The workers’ comp attorneys at Silverman, McDonald & Friedman work to protect the safety of Delaware employees. We serve clients just like you out of our Seaford, Newark, and Wilmington offices.

As the summer temperatures start to exceed 90 degrees on a regular basis, Delaware workers need pay special attention to heat stroke. The dangers of excessive heat are especially high for those in construction, landscaping,  or agriculture – basically anyone who works in the sun or heat.

What is heat stroke?

Heat stroke is when the body is unable to cool itself due to heat exposure. Some of the signs of heatstroke, according to the Mayo Clinic, include:

  • Body temperate above normal. A temperature of 104 degrees Fahrenheit (40 degrees Celsius) is a strong sign of heat stroke.
  • Altered behavior. Workers with heat stroke may be agitated, confused, have slurred speech, irritable, and suffer from delirium.
  • Vomiting and nausea. Workers may feel sick to their stomach.
  • Flushed skin. The skin may turn red as the temperature of the body rises.
  • A racing heart rate. The worker’s pulse rate will likely increase as the heart tries to cool the body.
  • Other symptoms include headaches, sweating, rapid breathing, seizures, and coma.

Hight body temperatures can cause brain damage, damage to vital organs, and death.

What are the risk factors for heat stroke

According to the Mayo Clinic, the following factors can increase the odds of developing heatstroke:

  • Older workers are more susceptible because after 65, the central nervous system starts to deteriorate. Older workers may have more difficulty staying hydrated.
  • Workers should take more rest breaks or get help from other workers when it’s too hot.
  • Sudden exposure to heat. Heatstroke is more likely during an early-summer heat wave or when workers travel from colder climates to hot climates.
  • Some medications make it harder for a person to stay hydrated or respond to hot weather. Medications that can affect workers in hot weather include beta blockers, diuretics, antidepressants, and vasoconstrictors.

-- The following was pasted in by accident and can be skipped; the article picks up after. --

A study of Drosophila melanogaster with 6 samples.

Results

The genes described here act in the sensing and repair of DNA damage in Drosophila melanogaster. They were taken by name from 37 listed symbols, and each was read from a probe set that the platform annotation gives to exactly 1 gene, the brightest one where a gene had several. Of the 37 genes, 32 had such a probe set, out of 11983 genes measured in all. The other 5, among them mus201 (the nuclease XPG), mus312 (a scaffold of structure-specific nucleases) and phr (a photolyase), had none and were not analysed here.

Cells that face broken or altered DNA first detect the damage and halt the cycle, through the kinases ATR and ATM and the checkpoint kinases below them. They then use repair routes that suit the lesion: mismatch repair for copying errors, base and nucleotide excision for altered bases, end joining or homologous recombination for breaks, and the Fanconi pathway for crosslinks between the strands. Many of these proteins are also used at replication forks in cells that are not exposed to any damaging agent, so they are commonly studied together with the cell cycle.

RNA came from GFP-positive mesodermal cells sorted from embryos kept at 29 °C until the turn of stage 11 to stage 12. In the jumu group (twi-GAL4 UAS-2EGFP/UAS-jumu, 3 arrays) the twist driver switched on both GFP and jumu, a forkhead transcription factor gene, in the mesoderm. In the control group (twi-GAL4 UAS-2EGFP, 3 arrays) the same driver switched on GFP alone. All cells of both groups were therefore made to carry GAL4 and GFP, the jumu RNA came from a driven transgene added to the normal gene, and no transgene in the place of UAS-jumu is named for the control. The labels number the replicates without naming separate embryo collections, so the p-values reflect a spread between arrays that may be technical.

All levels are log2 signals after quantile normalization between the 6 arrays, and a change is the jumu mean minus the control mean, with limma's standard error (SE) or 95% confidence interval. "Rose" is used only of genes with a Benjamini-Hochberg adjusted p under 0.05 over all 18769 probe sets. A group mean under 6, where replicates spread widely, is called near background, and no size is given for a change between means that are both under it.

Workers who are obese or in bad health are also more susceptible to heat stroke.

What are the other workplace dangers for workers who do their jobs in hot summer months?

Summer heat can cause other physical injuries, including dehydration, sunburn, or skin cancer.

Excessive heat can even cause workers to slip and fall from losing their balance and focus due to the heat, or cause a worker to drop a tool or piece of equipment on another person.

Preventive measures for heat stroke

Some of the steps workers should take to reduce the risk of heatstroke, according to the Mayo Clinic are:

  • Get out of the sun when it’s especially hot
  • Stay hydrated
  • Take the time to get acclimated to extreme heat
  • Understand what medications may make you vulnerable to heat and sun
  • Wear a wide-brimmed hat, sunglasses, and use a broad-spectrum sunscreen with SPF of 15 or more
  • Wear light, loose fitting clothing

Workers should understand if they are at increased risk, and communicate that risk with their employer.

Employees who suffer heat stroke or any injuries due to summer workplace conditions have the right to file a workers’ compensation claim if an accident or illness occurs. They may also have the right to file an occupational illness claim.

Heat strokes can be deadly – leading to cardiac arrest, brain damage, or other injuries and conditions. At Silverman, McDonald & Friedman, our experienced workers’ compensation lawyers work with physicians to confirm your medical condition and expenses. We fight to ensure you’re not forced back to work before you’re ready. To file a Delaware workers’ compensation case, call us at 302.888.2900 or use our contact form. to arrange an appointment with one of our attorneys. We represent clients throughout Delaware. Our offices are in Wilmington, Newark and Seaford.